Imagine a bad actor accessing the camera feed of a home video camera, or a smart appliance like an oven turning on remotely. These are two of many concerning realities—yet security around Internet of Things (IoT) devices remains absent from most Americans’ minds. Even for those who are aware of the threat, protection is a challenge. This is partially due to the lack of information, transparency and consistency around how these devices are secured. But the White House’s cyber label, the U.S. Cyber Trust Mark, puts the United States on a path toward changing that.

Today, the National Security Council (NSC) released a new consumer IoT label at a White House convening that brought together government and civil society leaders as well as manufacturers, retailers and other industry stakeholders. R Street was honored to attend this event and the initial 2022 planning meeting. Speakers included Deputy National Security Advisor Anne Neuberger of the NSC, Federal Communications Commission (FCC) Chairwoman Jessica Rosenworcel, Cybersecurity and Infrastructure Security Agency Director Jen Easterly, National Institute of Standards and Technology (NIST) Director Laurie Locascio, multiple members of Congress and other authorities. Experts were spread across three panels exploring industry thoughts, how the program will work and how it would impact consumers. A showcase of sample labels and products using them followed.

Brando Pugh, R Street Institute Cybersecurity and Emerging Threats Policy Director, at the White House on July 18, 2023.

While IoT devices are also used in the industrial space, this program is consumer product-focused for now. It borrows from existing labels like the ENERGY STAR label. This launch followed a series of prior actions on this front, including the October 2022 White House gathering. The concept was also highlighted in the March 2023 National Cybersecurity Strategy as part of driving the development of secure IoT devices, and the July implementation plan marked it for completion in quarter four of Fiscal Year 2023 after being featured in Executive Order 14028, “Improving the Nation’s Cybersecurity.” The strategy highlighted how IoT devices often have inadequate security settings, can be difficult to patch, or have capabilities that make it easy for a bad actor to exploit them.

Under the plan, the label will include a recognizable mark and a QR code to learn specifics about product security, along with a national registry where labeled products are inventoried. NIST’s existing work around IoT standards and labels will be a core part of this endeavor. Steps will be taken by government agencies, industry and other entities, as well. For example, the FCC will start a rulemaking process to work through the many specifics that remain, including the scope of the label. This will include considerations around licensing processes, assessment and audit mechanisms, and enforcement. The State Department will be responsible for working with international partners—particularly those with existing labels.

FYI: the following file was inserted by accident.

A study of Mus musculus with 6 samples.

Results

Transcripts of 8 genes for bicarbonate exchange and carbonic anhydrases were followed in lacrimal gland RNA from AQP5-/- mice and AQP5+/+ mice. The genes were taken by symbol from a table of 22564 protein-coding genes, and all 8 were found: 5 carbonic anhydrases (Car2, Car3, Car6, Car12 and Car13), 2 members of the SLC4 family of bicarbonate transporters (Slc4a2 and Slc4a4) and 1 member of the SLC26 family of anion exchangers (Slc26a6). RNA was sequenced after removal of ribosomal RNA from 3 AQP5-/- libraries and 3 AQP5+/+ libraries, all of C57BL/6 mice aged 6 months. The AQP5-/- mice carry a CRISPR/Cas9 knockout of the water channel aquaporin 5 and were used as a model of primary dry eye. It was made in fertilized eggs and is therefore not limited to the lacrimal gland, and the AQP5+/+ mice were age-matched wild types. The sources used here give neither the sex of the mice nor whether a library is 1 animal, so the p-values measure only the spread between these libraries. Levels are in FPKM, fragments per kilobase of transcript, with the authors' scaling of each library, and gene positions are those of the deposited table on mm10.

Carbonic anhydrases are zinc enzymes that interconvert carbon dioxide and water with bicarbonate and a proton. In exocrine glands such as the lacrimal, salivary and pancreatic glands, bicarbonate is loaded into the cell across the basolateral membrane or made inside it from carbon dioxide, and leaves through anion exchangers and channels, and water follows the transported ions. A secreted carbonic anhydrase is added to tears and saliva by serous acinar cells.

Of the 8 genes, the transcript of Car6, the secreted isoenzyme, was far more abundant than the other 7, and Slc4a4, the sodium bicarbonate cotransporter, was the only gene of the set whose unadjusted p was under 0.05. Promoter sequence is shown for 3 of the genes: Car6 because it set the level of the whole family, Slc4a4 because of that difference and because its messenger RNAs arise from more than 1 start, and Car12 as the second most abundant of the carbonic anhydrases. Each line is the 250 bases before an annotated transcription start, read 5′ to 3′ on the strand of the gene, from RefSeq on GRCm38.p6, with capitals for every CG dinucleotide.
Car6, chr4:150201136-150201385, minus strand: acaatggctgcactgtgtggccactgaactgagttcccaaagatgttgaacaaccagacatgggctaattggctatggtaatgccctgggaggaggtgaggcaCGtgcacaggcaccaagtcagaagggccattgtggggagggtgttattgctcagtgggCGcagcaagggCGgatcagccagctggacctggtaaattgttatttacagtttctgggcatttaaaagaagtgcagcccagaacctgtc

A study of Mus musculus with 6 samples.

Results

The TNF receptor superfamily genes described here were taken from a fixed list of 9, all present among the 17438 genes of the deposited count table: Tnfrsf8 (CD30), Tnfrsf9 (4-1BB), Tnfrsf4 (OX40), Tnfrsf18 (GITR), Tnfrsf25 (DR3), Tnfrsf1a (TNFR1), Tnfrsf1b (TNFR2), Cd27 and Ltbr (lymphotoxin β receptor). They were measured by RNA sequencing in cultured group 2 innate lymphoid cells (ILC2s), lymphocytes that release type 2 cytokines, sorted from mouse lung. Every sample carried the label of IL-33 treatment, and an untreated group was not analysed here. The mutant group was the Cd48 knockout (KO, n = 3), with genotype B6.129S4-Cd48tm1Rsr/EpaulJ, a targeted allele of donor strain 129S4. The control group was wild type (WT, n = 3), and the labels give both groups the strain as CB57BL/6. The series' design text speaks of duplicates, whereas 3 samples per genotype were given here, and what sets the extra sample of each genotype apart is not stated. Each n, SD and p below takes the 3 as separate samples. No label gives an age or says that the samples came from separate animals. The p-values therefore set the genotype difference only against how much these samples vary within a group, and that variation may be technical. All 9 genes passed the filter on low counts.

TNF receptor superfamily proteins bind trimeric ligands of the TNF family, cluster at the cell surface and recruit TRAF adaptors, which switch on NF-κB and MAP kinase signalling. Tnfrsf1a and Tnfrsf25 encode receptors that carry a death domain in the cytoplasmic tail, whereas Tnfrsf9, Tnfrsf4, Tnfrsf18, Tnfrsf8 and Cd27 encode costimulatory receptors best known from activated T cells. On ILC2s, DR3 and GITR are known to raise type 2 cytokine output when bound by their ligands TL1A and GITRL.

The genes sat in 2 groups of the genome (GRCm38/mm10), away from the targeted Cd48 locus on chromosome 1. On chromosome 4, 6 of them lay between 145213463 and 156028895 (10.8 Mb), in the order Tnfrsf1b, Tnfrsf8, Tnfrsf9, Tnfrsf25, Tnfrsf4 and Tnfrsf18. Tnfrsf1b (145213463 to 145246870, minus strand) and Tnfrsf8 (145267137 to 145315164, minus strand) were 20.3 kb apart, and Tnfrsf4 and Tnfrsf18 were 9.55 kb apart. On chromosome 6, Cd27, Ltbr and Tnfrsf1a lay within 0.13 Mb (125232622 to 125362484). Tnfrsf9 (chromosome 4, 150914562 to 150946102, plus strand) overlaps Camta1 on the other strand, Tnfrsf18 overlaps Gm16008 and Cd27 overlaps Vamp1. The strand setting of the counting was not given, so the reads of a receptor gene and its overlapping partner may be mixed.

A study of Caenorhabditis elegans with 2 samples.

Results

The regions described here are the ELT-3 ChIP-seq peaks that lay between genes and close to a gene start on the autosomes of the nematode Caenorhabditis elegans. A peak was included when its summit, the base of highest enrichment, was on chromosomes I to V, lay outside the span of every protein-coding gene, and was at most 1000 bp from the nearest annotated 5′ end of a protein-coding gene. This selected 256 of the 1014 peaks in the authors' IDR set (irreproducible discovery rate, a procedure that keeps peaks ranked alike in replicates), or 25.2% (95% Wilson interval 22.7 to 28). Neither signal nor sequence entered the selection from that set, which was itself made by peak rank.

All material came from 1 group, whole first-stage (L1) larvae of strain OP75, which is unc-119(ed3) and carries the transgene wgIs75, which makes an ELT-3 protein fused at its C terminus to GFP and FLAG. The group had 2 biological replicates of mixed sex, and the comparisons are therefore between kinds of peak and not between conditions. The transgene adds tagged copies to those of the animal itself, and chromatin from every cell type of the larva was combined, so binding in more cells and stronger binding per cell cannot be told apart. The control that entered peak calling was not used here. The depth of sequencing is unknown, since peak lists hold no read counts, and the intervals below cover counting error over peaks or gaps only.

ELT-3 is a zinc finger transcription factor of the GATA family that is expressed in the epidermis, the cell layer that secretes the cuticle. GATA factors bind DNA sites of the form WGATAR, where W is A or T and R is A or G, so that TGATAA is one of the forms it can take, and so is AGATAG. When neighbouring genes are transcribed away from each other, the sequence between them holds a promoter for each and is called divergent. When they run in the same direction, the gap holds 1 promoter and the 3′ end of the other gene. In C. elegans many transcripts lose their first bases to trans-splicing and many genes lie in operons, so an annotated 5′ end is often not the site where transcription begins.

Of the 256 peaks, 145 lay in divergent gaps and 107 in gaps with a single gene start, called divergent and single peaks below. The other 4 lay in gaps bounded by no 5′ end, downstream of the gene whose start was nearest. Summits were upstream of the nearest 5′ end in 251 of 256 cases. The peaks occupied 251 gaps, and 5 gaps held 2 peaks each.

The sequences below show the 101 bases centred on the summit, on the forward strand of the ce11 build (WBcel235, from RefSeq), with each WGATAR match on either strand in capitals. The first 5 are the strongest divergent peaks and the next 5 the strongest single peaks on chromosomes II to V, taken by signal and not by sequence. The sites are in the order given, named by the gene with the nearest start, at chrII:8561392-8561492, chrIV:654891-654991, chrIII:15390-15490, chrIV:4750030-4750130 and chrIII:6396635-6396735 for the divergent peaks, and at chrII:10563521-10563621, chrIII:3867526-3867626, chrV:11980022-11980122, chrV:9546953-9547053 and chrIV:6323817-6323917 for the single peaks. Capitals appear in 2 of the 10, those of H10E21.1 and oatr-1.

This concept is positive because it is not mandatory for industry to follow; rather, there is an incentive in doing so to differentiate products and to embrace security. This is in line with the federal government’s calls for security-by-design and -default. Consumers stand to benefit by being able to evaluate products for security and by making purchases accordingly. However, consumer awareness will be a challenge because the label has limited utility if consumers do not understand, value or use it. As the label is implemented, efforts should harmonize label standards both nationally and internationally, ensure labels remain current as threats change, monitor the degree to which data privacy standards are incorporated, and look at incentives for quicker adoption and methods to stop fraudulent actors.

The U.S. Cyber Trust Mark is not the full solution to addressing the IoT threat, but it has the potential to be an important element of it. Companies should consider how they might incorporate the label and, more importantly, secure their devices by design and default. With IoT devices expanding in number and application, addressing cybersecurity and data privacy issues is critical.